Check out this list to learn some interesting facts about Andrew Carnegie, Henry Ford, J.P. Morgan, John D. Rockefeller and Cornelius Vanderbilt.
Imagine having a bathroom of gold or rerouting an entire train track and moving a town in order to avoid the sight of train smoke. These weren’t the actions of finicky royals, but instead a reality for tycoons and socialites during the Gilded Age. Read more about the outrageous ways people spent their money.
More than a “writer of dog books,” Jack London’s other interests and contributions to society are not typically recognized. A small museum is looking to change that.
At “Poverty Parties” during the Gilded Age, the rich would transform from riches to rags to “free” themselves from the constraints of society. Read more about the insensitive parties that took place at a time of significant income disparity.
For almost 100 years before women gained the right to vote, suffragists fought to win that right. Watch the video to learn more about Susan B. Anthony’s role at this time.
In the late 19th century, some families in the United States grew fabulously rich from the country’s industrialization. Read about the “Gilded Age,” Mark Twain’s term for the excesses of wealthy people during this period.
Would you volunteer to eat a dinner you knew was poisoned? That was exactly what a group of 12 volunteers did in the early 1900s. Watch the video to learn more about what they ate and how this influenced the food we eat today.
The Gilden Age, as its name suggests, was appealing on the surface, but many objectionable qualities laid below the exterior. Compare our current time period to the late 1800s.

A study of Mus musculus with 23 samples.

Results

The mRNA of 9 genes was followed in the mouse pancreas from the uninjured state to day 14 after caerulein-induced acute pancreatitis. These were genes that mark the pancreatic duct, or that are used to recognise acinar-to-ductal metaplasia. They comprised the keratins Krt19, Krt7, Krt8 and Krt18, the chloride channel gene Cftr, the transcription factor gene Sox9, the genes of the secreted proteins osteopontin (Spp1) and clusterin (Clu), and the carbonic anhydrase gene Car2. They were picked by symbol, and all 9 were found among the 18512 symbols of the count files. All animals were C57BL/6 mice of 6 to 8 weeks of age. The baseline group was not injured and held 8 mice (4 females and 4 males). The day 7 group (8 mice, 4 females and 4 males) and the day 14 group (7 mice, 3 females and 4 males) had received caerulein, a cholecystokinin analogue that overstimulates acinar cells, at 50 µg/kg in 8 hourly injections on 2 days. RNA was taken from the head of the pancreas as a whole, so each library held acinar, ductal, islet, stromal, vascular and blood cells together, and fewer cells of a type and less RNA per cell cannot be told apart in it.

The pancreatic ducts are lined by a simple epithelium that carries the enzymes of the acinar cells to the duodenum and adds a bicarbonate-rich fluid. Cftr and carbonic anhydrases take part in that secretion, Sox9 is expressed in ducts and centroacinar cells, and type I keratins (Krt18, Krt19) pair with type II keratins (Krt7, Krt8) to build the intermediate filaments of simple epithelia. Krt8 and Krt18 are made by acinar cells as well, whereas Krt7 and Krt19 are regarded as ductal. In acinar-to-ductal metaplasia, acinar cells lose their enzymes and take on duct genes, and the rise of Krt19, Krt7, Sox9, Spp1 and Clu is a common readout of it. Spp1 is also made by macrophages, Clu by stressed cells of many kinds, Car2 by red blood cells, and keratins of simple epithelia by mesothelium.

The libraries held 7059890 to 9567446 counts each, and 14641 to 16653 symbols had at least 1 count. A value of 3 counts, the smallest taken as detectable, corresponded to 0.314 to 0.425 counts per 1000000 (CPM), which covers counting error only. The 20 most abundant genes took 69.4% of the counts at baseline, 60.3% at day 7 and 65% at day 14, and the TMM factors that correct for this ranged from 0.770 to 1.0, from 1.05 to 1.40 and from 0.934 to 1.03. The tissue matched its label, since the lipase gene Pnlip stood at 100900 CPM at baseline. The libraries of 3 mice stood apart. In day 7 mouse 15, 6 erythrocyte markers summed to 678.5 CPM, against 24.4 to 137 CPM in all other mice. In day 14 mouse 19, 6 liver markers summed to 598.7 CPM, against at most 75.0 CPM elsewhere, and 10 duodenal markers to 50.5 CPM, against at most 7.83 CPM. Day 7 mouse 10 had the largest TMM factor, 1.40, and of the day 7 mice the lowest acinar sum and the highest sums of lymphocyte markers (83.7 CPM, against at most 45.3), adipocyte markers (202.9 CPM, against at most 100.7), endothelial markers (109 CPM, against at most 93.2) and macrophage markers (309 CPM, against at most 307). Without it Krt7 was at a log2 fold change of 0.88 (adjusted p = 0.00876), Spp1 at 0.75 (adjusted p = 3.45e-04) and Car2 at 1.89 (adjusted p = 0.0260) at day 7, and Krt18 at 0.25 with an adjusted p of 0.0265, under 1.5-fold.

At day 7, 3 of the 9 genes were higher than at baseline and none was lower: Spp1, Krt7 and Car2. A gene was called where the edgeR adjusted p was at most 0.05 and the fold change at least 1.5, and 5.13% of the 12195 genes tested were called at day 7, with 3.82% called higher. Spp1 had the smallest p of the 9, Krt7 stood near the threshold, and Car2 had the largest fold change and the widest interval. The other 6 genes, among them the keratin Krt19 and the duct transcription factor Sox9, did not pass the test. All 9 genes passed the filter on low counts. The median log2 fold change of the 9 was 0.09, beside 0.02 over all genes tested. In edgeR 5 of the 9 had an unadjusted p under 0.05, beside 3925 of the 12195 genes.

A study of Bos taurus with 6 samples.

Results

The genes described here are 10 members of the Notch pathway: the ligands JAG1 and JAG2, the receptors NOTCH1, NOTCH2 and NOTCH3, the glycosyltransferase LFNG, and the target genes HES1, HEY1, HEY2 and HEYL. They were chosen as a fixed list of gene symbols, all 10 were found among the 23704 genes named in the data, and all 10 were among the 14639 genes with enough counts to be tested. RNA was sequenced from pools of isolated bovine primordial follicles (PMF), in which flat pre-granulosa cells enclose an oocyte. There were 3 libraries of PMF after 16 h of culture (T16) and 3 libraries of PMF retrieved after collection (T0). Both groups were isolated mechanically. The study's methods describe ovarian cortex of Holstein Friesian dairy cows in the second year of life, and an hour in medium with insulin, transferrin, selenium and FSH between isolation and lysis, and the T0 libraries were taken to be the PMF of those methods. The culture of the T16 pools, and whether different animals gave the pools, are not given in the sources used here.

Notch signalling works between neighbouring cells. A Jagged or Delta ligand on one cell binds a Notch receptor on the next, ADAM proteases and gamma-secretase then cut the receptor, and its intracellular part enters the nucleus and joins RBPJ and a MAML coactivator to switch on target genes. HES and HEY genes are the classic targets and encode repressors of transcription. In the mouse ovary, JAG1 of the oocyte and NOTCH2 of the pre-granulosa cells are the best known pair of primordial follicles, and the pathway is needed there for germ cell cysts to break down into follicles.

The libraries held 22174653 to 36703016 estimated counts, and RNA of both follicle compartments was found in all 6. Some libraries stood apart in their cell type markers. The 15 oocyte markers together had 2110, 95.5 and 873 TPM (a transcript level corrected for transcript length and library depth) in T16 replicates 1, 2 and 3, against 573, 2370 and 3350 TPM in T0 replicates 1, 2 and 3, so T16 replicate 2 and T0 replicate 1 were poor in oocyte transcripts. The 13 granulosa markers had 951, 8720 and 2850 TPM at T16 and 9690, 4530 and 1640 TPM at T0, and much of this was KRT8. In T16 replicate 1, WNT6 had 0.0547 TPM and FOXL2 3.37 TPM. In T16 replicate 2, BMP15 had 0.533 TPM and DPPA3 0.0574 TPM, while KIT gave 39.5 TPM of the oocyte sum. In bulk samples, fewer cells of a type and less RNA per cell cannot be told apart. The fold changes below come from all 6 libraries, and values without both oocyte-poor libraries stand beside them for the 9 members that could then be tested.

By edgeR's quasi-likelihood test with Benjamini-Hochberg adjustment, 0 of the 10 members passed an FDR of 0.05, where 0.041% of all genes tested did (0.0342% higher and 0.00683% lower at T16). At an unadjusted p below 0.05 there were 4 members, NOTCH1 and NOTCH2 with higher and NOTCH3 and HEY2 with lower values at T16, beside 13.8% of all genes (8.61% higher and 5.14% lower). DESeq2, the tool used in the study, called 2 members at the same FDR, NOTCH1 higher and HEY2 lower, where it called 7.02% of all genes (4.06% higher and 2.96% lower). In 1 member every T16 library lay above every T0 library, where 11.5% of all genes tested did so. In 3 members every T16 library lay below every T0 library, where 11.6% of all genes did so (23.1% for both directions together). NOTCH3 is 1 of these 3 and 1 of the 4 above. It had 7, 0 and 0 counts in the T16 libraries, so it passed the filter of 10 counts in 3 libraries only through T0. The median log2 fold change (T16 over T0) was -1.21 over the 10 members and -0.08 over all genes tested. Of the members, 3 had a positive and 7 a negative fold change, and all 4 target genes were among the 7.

Communities across the nation take part in Empty Bowls, a grassroots movement meant to fundraise for people who are food insecure. Learn more about ways this movement is bringing about meaningful change.
Homelessness takes many forms and has many causes. It affects over half a million people in the United States alone, and that number is on the rise. Learn about the depth of the problem and what is being done to combat it.
Muckrakers exposed corruption and injustices in ways that forced society to examine and confront these issues. We owe many social reforms to the efforts of these brave people.
What motivates us to be greedy? Who is likely to be more greedy: people with more or with less? Read about a study that was designed to answer questions like these.
Food industries did not always have the best interests of their consumers in mind. This is especially the case with “embalmed milk,” a tainted dairy product.
Nellie Bly risked injury and insanity to report on the horrible conditions of mental institutions in the late 1880s. Her undercover investigation led to public awareness and reform
Jacob Riis brought the darkness of New York City’s tenement housing into light with his photos. This forced America to confront the brutal conditions that impoverished people faced.
Despite increased training and safety measures, serious injuries for US meat plant workers is not a thing of the past. This article details the dangers workers face while on the job.
Whistleblowers have cause for alarm due to “ag-gag” laws that prohibit undercover videos of farm activity. While the videos have the potential to harm the agriculture industry, they can also expose illegal and immoral activities.
Can laws make people healthier? A nutrition professor at New York University shares her perspective on the effectiveness of regulation in improving eating behaviors and public health.
In the last half of the 1800s, thousands of urban poor people, many who were immigrants, lived in overcrowded and unsafe tenement buildings. This article describes how tenements came into being and were eventually phased out.
This video gives a brief overview of the event that initiated the Spanish-American War, as well as a history of the Battle of Manila Bay.